Agreement of Revised Premature Infant Pain Profile Scoring between Healthcare Providers and Laypersons:
A Cross-sectional Study
Mr. Ajay Gajanan Phatak,
Professor, Department of Central Research Services Academic Centre Bhaikaka University, Karamsad-388325, Anand, Gujarat, India.
Introduction: The experience of pain during the neonatal period has short and long-term consequences. The Revised Premature Infant Pain Profile (PIPP-R) is a globally accepted and validated tool for assessing pain in neonates. Adequate pain management measures can be implemented using the PIPP-R, even in the absence of consultants.
Aim: To assess the agreement among healthcare providers and laypersons in scoring the PIPP-R.
Materials and Methods: A cross-sectional study was conducted at Shree Krishna Hospital, a rural Tertiary Care Teaching Hospital in central Gujarat, India. The duration of the study was one year and six months, from January 2021 to June 2022. The study included 12 volunteers from various fields, such as consultant neonatologists, first year postgraduate students in Department of Paediatrics, neonatal nurses, social workers, Bachelor of Medicine, Bachelor of Surgery (MBBS) interns, and mothers of newborns. A neonatology consultant provided training on the PIPP-R scoring system using handouts and a presentation. The volunteers then evaluated 100 prerecorded videos of newborns undergoing painful procedures. Agreement between volunteers for the total PIPP-R score and its subcomponents was assessed using Bland-Altman analysis and Cohen’s Kappa statistics.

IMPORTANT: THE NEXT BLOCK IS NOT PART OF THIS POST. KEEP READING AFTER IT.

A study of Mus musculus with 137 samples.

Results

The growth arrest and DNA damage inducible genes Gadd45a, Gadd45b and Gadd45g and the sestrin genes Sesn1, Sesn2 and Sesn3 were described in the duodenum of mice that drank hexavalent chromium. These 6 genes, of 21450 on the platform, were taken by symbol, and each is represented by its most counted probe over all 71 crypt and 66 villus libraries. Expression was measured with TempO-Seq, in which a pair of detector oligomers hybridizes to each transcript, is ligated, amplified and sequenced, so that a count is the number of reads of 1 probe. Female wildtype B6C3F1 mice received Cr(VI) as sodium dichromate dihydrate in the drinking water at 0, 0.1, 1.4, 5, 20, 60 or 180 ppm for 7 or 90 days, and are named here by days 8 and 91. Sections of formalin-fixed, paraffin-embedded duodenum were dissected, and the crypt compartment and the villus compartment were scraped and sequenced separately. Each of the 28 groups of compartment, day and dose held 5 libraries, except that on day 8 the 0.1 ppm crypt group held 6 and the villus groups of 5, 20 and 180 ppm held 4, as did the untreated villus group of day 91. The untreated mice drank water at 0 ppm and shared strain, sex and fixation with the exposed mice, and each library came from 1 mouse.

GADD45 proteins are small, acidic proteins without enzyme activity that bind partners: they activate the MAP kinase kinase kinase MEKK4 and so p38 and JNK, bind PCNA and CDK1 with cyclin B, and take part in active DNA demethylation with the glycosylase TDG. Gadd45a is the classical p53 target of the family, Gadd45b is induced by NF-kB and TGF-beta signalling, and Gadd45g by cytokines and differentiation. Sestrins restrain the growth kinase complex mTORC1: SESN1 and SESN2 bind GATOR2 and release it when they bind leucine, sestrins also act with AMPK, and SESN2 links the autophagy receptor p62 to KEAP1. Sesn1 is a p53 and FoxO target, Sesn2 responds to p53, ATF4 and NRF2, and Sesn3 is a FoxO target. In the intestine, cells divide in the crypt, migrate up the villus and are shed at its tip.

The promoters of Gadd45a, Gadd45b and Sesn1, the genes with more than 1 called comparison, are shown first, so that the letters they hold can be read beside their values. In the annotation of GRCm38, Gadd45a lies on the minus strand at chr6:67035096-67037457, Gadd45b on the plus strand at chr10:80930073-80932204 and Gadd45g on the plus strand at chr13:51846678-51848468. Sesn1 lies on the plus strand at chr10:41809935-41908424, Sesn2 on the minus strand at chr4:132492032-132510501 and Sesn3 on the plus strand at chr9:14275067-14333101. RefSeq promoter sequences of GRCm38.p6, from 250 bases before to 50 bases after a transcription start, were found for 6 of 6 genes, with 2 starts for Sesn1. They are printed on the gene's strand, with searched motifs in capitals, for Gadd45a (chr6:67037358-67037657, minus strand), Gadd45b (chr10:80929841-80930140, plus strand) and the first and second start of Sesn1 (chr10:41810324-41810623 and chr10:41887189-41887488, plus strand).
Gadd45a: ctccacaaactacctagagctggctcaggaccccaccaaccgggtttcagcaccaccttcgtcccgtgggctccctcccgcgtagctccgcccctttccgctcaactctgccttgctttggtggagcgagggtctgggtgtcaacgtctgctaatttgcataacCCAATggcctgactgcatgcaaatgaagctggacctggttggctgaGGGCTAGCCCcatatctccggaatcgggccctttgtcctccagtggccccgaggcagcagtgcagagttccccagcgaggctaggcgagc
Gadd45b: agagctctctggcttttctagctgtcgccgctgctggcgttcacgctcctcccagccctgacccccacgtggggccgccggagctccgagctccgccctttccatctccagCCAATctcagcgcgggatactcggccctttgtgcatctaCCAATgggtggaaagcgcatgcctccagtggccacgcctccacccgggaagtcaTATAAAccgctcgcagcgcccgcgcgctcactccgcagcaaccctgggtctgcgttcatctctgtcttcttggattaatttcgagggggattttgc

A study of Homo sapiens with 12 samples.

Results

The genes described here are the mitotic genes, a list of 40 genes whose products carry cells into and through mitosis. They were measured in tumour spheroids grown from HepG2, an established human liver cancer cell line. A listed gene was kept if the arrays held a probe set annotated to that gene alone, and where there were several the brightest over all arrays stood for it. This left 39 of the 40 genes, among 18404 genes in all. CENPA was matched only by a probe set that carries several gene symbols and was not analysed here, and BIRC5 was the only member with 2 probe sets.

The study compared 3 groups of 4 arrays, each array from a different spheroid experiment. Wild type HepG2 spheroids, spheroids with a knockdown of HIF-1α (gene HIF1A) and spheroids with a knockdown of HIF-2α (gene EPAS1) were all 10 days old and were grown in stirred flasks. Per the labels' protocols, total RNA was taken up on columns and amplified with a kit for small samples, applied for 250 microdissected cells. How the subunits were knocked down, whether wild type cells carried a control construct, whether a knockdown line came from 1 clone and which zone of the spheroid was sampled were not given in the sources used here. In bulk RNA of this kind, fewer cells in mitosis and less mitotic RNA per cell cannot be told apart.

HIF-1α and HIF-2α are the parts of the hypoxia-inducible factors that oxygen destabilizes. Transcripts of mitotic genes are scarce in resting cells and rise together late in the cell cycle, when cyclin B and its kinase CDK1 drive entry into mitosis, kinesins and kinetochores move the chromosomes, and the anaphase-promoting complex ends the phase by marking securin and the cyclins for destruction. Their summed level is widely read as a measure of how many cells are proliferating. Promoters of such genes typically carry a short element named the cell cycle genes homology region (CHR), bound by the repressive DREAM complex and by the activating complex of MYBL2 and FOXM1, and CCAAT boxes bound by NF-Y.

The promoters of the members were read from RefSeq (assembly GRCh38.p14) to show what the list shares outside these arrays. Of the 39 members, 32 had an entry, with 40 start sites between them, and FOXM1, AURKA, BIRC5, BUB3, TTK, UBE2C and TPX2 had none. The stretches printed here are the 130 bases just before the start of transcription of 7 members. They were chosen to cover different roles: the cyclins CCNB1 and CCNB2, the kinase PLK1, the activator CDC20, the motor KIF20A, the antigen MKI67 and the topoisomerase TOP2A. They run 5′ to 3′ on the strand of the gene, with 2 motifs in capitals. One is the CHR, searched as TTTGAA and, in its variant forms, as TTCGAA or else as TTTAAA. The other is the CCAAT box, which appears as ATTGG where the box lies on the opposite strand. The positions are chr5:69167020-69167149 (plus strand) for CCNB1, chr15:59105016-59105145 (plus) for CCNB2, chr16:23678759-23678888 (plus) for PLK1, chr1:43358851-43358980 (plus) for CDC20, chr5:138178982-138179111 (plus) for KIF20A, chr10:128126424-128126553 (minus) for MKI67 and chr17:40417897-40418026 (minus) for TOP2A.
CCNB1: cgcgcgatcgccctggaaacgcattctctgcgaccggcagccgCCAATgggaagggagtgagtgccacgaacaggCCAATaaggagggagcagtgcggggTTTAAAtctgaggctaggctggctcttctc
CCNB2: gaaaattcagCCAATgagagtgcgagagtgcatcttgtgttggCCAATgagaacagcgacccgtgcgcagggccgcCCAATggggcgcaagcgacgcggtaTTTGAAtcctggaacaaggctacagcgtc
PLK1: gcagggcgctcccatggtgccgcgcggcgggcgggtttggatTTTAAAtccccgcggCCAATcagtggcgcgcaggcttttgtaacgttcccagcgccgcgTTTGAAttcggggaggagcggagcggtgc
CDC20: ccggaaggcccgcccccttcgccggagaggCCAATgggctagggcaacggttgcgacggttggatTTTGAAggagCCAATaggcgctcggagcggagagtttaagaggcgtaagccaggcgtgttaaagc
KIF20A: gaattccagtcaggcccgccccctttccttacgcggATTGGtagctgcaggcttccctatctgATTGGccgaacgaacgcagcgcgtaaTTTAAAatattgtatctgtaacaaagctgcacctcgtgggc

Results: A total of 100 videos of newborns (51 girls, 49 boys) undergoing painful procedures were evaluated for the PIPP-R score. The mean age, gestational age, and birth weight of the newborns were 2.21±1.55 days, 37±2.44 weeks, and 2.56±0.72 kg, respectively. The procedures included heel prick for Random Blood Sugar (RBS) (44%), intravenous sampling/insertion (34%), and intramuscular vitamin K injection (22%). The mean difference with 95% Confidence Limits (CL) of total PIPP-R scores between the two consultants (neonatologists) was -0.640 (-5.196, 3.916). The length of the CL was -9.112, which fell outside the defined CL of 4.2 (20% of the total score), indicating unacceptable agreement between the two consultants. Similarly, agreement between each consultant and any of the other participants, including residents, nurses, interns, mothers, and social workers, regarding the total PIPP-R score, as well as its subcomponents, was also deemed unacceptable.
Conclusion: The present study concluded that the inter-rater reliability of the PIPP-R score and its subcomponents was unacceptable between consultants and with any of the other participants.